Actress Charlene Tilton talks trials and salvation at the Mayor's Prayer Breakfast.

March 13, 2014|By Brittany Levine,
  • Fans met with inspirational speaker and actress Charlene Tilton after the 51st annual Glendale Mayor's Prayer Breakfast held at the Glendale Civic Auditorium on Thursday, March 13, 2014. (
Fans met with inspirational speaker and actress Charlene… (Raul Roa / Staff…)

For Charlene Tilton, best known for her long career on “Dallas,” the popular series from the 1970s and 1980s, life has been a series of struggles. But God and acting have been her safe havens, she said Thursday morning at the 51st Annual Glendale Mayor's Prayer Breakfast.

Each has helped her in a different way. God became her support system and acting allowed her to forget the tribulations of growing up poor with a sick, single mother.

God first became her lifeline when her mother had a nervous breakdown on a train ride from Los Angeles, where they lived at the time, to visit family in Nebraska, she told a room of about 170 people at the Civic Auditorium.

Police escorted her mother off the train at a stop in Kansas as her mother acted uncontrollably, she said. Through a tragic series of events, the 5-year-old Tilton ended up alone on the streets that night only to find refuge in a pastor's home.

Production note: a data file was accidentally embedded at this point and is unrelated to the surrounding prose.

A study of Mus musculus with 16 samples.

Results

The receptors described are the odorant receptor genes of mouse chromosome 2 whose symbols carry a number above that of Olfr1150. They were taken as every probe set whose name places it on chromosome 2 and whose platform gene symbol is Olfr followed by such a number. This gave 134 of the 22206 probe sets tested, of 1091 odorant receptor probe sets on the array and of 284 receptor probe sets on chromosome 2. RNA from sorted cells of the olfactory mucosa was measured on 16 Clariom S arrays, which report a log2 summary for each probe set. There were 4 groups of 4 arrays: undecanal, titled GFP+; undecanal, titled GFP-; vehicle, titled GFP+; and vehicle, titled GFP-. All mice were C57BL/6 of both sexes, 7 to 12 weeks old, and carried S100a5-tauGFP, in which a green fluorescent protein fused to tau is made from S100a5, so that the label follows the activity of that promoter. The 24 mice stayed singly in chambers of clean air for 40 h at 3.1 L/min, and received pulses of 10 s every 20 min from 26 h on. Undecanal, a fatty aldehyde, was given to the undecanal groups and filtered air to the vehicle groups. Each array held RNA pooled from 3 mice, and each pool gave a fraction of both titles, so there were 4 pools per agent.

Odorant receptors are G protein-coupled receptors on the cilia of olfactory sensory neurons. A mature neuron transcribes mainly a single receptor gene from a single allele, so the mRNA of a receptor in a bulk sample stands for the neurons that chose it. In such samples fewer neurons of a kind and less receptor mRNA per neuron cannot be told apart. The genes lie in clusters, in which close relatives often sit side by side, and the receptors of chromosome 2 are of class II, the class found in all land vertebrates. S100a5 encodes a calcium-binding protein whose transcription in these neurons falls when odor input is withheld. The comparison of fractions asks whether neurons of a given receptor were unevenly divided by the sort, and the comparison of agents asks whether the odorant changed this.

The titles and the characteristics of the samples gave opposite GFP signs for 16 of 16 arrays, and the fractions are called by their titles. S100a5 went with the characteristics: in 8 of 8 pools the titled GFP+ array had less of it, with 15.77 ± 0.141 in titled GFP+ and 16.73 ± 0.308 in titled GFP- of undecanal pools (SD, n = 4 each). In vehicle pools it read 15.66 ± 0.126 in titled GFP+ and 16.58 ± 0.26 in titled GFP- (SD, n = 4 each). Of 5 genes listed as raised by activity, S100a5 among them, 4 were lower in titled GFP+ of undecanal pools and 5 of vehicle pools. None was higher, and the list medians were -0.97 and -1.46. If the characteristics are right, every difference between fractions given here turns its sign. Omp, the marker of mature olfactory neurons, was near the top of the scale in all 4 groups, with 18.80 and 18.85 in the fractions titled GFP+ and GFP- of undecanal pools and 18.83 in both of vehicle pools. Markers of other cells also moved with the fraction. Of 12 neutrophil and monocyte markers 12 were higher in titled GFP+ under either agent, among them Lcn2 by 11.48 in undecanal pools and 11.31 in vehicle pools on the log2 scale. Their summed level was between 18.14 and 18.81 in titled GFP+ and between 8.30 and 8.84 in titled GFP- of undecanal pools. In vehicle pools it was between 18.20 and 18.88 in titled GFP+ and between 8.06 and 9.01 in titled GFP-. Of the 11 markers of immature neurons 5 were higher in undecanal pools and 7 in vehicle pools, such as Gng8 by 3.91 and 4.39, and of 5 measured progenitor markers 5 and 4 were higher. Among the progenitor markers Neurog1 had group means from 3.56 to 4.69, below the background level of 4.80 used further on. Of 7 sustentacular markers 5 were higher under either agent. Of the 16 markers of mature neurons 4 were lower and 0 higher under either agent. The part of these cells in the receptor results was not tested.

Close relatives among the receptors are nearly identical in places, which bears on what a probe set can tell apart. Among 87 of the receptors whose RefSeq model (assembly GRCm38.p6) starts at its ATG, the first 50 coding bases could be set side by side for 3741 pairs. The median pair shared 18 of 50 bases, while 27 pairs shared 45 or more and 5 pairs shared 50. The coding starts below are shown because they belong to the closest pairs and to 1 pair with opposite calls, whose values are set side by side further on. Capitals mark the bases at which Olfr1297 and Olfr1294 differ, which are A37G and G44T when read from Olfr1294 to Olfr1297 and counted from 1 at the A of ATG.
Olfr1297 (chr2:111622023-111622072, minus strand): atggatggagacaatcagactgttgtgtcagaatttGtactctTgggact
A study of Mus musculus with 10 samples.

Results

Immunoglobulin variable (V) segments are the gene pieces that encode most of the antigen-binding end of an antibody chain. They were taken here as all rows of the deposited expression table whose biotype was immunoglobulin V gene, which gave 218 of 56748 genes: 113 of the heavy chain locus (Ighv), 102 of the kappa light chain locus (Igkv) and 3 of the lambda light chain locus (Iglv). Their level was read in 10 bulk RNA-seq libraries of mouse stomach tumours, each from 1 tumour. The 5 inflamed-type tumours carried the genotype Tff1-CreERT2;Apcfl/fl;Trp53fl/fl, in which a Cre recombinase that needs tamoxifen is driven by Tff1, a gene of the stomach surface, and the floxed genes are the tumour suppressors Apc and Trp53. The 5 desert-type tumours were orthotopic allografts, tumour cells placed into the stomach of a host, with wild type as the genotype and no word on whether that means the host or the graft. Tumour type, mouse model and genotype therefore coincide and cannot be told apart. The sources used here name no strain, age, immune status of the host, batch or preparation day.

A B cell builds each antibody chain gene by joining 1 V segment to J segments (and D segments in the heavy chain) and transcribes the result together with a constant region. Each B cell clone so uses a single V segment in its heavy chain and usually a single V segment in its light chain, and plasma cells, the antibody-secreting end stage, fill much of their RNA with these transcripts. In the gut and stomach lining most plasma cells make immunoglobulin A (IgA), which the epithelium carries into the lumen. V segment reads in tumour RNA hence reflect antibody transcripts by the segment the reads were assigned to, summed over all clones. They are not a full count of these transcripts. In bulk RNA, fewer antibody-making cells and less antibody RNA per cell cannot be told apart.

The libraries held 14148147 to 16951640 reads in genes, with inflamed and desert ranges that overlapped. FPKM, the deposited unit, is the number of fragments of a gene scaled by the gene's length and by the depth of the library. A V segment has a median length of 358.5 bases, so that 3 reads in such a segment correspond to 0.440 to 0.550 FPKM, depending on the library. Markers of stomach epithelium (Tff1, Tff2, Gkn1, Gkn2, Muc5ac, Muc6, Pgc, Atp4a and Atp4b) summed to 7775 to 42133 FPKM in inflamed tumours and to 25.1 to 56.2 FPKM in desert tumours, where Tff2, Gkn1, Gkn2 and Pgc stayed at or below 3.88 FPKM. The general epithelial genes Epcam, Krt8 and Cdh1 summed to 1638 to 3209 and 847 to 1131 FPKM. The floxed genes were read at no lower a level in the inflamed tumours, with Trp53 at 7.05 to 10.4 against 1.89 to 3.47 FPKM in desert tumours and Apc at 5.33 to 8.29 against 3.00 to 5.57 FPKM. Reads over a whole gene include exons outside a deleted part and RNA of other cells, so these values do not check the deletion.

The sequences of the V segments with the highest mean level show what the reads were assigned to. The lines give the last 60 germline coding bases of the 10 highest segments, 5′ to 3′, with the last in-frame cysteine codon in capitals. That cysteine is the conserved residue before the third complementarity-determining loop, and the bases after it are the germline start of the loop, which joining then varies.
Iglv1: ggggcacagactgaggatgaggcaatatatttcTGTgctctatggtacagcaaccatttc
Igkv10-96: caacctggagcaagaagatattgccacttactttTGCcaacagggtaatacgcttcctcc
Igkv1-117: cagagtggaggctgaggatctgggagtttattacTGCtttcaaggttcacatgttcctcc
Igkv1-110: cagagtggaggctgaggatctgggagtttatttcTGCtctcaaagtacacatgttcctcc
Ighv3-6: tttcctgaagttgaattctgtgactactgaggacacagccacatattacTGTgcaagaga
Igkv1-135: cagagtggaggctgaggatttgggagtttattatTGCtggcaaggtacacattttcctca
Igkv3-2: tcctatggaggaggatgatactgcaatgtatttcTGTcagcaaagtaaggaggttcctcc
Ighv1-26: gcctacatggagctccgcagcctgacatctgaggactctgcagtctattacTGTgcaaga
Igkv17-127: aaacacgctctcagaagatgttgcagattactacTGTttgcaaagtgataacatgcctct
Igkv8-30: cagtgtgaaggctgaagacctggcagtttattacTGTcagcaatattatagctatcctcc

“God introduced himself to me and right then and there I knew God was there,” Tilton said, tearing up as she remembered a blue bandanna the pastor's wife gave to her before she left their home, one she still has.

She spent years bouncing around from family member to family member and finally to foster care as her mother was institutionalized for schizophrenia.

“I was always told I was a burden,” she said. “I was a mistake. I was not lovable.”

When her mother was released, the two reunited and moved to a one-bedroom apartment in Hollywood. They had a small TV with rabbit ears, and shows like the “Brady Bunch” offered Tilton comfort.

“Through movies like ‘Mary Poppins,’ I saw there was a better life,” she said. “But where? In TV and movies!”

At a young age, Tilton talked her way into free acting classes and joined the theater program when she went to Hollywood High School. It was there that an agent saw her in a play.

Tilton didn't have money to pay for head shots — by that point she was living alone in an apartment managed by a stripper and working 40 hours a week at the Egyptian Theater while going to school — so she used her school pictures.

When she saw there were auditions for “Dallas” in a magazine, she knew she wanted the part of Lucy Ewing, a “manipulative sexpot born with a silver spoon in her mouth.” At first the casting agents told her she wasn't right for the part, but she fought for an audition and got the role.